Why designers need to understand culture.

How thinking local promotes growth and better connection with your audience.

Photo by Ethan Sykes on Unsplash

There are 195 countries and 6,500 languages in the world. This diversity directly relates to the people we’re designing for. Without understanding it we can’t truly understand those who will use our products and services.

Designing for an average user is no longer sustainable. With the rise of personalization and customization, one size fits all approach is becoming less and less effective. We expect personalized experiences and in response companies tailor their products and services to match our needs and expectations.

Traditionally learning and understanding culture and people in those cultures have been the territory of anthropologists and researchers. But as designers wear multiple hats and expand their skills beyond just design, understanding cultural differences becomes more relevant than ever.

How the world thinks differently

Each geographic location brings a different way of thinking. Take for example, measurement systems. Most of the world uses Celsius to measure temperature except for the US that uses Fahrenheit. Same goes for the unit system. Most of the world is using metric system, with only three countries (Burma, Liberia, and the US) still using an imperial system.

Time is equally unstandardized. US, UK, Canada, Australia mostly use 12-hour time format (AM / PM). While the majority of the countries use 24-hour military time. In the US, Canada, and Japan Sunday is the first day of the week. While most European calendars show Monday as the first day of the week.

After I moved to the US I got surprised every time I was served a glass of water with ice. While it is common in the US, in Europe people are not used to getting water with ice unless they specifically ask for it.

Over the course of our life we develop mental models around certain concepts. And changing these patterns is not easy. This explains why the majority of truck drivers who get stuck under bridges on the US highways are people who came from other countries. They can’t convert 12’ 6” in their mind before they hit the overpass.

How service models adapt to local markets

Going global requires local thinking. What made a company successful in one country, won’t work everywhere. In order to scale companies have to offer people something that they are used to.

One way of how companies are thinking local is payment methods. While credit cards and other digital payment methods are the norm in the Western world, in many parts of the world cash still remains the most common method of payment.

For example, Cash on Delivery is the most commonly used method of payment amongst e-commerce retailers in India. People in India are hesitant to use credit cards online due to fraud risks. Recognizing this cultural context Amazon introduced Cash on Delivery payments.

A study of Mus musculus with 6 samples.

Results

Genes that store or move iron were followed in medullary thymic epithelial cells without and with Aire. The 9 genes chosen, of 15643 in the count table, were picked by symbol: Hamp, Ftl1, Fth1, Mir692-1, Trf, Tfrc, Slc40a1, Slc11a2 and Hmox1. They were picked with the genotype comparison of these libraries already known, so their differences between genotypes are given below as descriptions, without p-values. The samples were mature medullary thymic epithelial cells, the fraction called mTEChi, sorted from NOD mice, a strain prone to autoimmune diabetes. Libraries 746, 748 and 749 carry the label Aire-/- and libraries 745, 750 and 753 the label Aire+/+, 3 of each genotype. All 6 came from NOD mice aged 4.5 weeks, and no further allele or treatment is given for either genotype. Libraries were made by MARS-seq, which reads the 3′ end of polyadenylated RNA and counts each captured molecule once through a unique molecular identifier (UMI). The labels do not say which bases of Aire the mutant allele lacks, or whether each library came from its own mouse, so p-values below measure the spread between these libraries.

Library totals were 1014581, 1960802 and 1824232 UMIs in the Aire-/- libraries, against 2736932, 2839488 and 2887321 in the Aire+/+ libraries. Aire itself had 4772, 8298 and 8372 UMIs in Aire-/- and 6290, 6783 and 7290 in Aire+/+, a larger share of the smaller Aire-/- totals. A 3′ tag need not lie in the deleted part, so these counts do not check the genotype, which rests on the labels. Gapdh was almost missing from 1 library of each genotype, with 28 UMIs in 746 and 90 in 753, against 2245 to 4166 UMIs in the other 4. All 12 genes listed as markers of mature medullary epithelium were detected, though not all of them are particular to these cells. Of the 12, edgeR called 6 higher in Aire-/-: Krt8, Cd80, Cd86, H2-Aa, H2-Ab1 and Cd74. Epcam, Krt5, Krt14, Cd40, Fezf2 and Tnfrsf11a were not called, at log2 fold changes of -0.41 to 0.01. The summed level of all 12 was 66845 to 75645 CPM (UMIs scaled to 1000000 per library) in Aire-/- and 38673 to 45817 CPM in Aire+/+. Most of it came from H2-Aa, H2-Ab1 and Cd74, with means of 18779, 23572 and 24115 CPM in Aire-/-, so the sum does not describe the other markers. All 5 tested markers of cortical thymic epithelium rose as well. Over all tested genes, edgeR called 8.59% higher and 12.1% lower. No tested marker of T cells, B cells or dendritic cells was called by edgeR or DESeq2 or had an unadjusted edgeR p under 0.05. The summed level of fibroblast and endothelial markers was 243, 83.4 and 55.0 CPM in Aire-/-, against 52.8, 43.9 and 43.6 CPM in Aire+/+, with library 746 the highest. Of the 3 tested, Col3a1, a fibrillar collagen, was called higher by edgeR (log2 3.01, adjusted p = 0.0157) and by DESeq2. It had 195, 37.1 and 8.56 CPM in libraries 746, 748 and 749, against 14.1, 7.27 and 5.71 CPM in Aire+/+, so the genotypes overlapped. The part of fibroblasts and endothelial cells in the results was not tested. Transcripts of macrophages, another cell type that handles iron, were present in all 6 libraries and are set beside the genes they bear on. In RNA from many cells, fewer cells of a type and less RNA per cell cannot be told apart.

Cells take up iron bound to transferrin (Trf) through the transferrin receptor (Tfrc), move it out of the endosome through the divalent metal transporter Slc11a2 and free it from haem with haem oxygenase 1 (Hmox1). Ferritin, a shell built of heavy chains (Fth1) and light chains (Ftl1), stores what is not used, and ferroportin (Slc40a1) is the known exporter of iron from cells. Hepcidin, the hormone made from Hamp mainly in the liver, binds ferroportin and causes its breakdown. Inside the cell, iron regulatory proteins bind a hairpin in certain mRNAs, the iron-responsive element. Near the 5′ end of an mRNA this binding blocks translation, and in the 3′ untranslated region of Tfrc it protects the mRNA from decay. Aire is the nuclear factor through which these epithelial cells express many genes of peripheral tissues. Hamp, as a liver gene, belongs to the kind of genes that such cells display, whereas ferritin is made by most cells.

Another example is Uber. In the US the service is known for cashless payments. But in Africa, a majority of transactions are done in cash. Following their global expansion strategy of “Think local to expand global” the company rethought their payment system for that market and introduced cash payments.

How design adapts to local markets

Physical spaces

Architecture is one of the most distinct identifiers of a certain culture. It’s no surprise then that one way that companies adapt to other markets is by designing their retail spaces to reflect the local culture.

Apple is known for their iconic stores. Not only are they great architectural studies, they are also a great example of local design. Apple stores organically blend in with the local urban landscape. Whether you’re in Dubai, Paris or Williamsburg, each store will be a unique reflection of local architecture, culture, and traditions.

Apple Paris (left), Apple Williamsburg (right). Image source: Apple.com

Digital products

Whether your product is used by thousands or millions of people, thinking local is an advantage. By understanding different mental patterns, designers can make their products more accessible and universal. People should have an option to use your product or service in a way that is most natural and familiar to them.

Nike app (left), iOS Settings (right)

Why designers need to learn culture

We’re all biased by default. Since we’re all different, the way we think and design would be different based on our own culture, background and life experiences. We all wear the cultural lens through which we look at the world. This can result in a one-sided design. Sure, you may be checking the weather in Fahrenheit and measuring weight in pounds, but for the majority of people on earth, this is alien. Unless you design for a very narrow and specific group of people, thinking local will help increase your product’s acceptance and reach.

Learning about culture and applying those learnings in your work, helps to let go of your biases and empathize with the people you’re designing for. How can we design for someone who we don’t understand? If design is about people, then designers need to understand people. And if we don’t do that, then who will?

Slowly design is moving from the periphery of the product-development process to the forefront. More and more often designers get directly involved in the process early on. This is especially true in smaller organizations where designers have to wear multiple hats and also act as researchers, copywriters or strategists.

Finally, learning about different cultures will open up new horizons and will make you an over more well-rounded designer.